International Catholic University

Catholic Modernism

James Hitchcock

V -- Alfred Loisy

The first, and in some ways the most important, of the Catholic Modernists was a French priest named Alfred Loisy. Born into a pious family, he demonstrated intellectual brilliance and was sent to study in Paris during the 1880's. There he fell under the influence of the famous sceptic Ernest Renan, whose work sought to discredit the historical reliability of the Gospels.

Although Catholic Modernism has sometimes been equated with Liberal Protestantism, there were significant differences, especially in the thought of Loisy. Convinced by Renan that the quest for the "historical Jesus" was futile, Loisy thought that the Catholic emphasis on Tradition offered an alternative. It was unnecessary to ground faith in an infallible Scripture, because the Holy Spirit is always present in the Church, guiding and directing it towards truth.

Loisy's use of seemingly orthodox language (a trait characteristic of the Modernists) masked the fact that he was not talking about the same things as orthodox Catholics. It is doubtful whether, in refering to the Holy Spirit, for example, he meant the Third Person of the Trinity as professed in the creeds. Rather he meant something closer to the "spirit of the age," a distinctively modern idea dating from the philosopher G.F.W. Hegel in the early nineteenth century.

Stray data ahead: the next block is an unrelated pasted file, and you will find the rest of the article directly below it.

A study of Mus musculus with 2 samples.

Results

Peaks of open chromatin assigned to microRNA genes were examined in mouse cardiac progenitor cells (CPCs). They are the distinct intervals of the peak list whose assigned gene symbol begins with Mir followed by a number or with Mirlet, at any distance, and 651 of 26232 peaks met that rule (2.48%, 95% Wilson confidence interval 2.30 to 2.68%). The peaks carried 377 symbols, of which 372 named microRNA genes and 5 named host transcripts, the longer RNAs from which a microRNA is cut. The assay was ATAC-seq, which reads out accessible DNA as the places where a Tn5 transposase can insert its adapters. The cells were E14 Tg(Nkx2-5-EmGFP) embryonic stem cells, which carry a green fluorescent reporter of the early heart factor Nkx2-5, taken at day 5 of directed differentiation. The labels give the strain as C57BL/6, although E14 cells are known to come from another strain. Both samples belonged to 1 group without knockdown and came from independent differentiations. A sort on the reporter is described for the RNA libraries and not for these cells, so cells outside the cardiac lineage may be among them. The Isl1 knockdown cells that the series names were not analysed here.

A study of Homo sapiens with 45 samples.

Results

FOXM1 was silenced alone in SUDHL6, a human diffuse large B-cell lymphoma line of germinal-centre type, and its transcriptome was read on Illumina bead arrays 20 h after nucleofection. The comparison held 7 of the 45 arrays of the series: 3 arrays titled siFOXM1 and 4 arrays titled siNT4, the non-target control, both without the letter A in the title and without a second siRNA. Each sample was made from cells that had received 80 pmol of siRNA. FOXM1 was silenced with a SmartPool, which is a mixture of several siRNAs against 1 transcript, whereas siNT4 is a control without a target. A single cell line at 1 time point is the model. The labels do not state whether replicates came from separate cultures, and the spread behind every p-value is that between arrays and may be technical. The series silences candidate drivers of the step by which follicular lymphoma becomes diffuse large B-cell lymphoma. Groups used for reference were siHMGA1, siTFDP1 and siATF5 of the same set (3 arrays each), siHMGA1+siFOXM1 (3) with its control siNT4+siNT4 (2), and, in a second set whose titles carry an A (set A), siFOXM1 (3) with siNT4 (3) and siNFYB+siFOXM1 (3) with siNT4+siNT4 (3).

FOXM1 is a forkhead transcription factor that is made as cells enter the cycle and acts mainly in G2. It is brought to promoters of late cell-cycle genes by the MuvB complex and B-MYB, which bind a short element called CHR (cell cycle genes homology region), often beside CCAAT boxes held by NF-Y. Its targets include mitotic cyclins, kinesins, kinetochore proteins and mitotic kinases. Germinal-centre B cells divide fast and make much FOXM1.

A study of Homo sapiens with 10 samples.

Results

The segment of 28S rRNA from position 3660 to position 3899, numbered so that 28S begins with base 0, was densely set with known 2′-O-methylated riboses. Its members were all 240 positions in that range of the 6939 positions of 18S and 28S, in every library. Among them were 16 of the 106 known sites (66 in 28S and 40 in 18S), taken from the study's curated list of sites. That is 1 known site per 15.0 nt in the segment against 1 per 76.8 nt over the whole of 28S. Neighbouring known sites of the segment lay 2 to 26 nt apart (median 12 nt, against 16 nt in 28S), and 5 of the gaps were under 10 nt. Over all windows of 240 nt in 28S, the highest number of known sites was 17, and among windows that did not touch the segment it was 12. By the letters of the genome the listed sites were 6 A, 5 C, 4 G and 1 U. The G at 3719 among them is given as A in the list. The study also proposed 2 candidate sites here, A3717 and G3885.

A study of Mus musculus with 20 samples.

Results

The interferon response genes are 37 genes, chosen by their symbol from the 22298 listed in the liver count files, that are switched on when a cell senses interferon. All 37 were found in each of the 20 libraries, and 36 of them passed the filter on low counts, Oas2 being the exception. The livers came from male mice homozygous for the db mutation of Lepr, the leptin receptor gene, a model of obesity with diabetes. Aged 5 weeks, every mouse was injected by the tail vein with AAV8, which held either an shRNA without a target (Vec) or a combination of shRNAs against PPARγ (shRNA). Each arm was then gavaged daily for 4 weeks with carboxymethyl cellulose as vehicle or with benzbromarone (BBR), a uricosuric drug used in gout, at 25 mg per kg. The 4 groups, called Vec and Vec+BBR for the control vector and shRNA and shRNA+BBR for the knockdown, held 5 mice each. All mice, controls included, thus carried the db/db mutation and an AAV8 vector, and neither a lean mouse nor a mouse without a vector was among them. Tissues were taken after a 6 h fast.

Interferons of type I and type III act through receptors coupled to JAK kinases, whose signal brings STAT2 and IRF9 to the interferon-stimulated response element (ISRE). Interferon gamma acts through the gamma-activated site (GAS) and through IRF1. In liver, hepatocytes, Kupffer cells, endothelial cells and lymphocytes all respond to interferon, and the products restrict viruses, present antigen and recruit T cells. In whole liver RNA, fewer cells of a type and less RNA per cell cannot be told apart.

For Loisy, Tradition was merely the Church's way of expressing its beliefs in each new age, guided primarily by that spirit. Loisy was a radical historicist, in that he did not believe it was possible to transcend the limits of one's own historical period and that attempts to do so were illusory. For that reason, the historic creeds and other doctrinal statements could not remain permanently valid, reflecting as they do the times in which they were formulated.

Loisy was, paradoxically, more Catholic than the Church, in his willingness to dismiss entirely the Protestant claim that the Bible alone offers divine truth and his consequent willingness to rely entirely on the Church. He regarded the Church as, historically, "the mother of cultures" and seems to have hoped that the "problem" of hierarchical authority, and its adherence to the historic creeds, could be overcome, so that the Catholic Church would become the unique vehicle for expressing underlying spiritual truths in the language of each new age.

For a while, when Loisy's work was under attack and he was suspended from the priesthood, his supporters insisted that he was misunderstood. Years later, however, he admitted that at the time his work was controversial he believed nothing in the Nicene Creed except the statement that Jesus suffered under Pontius Pilate.

Following the definitive condemnation of his works in 1907, he spent many years writing, without having any profound impact. He died in 1940.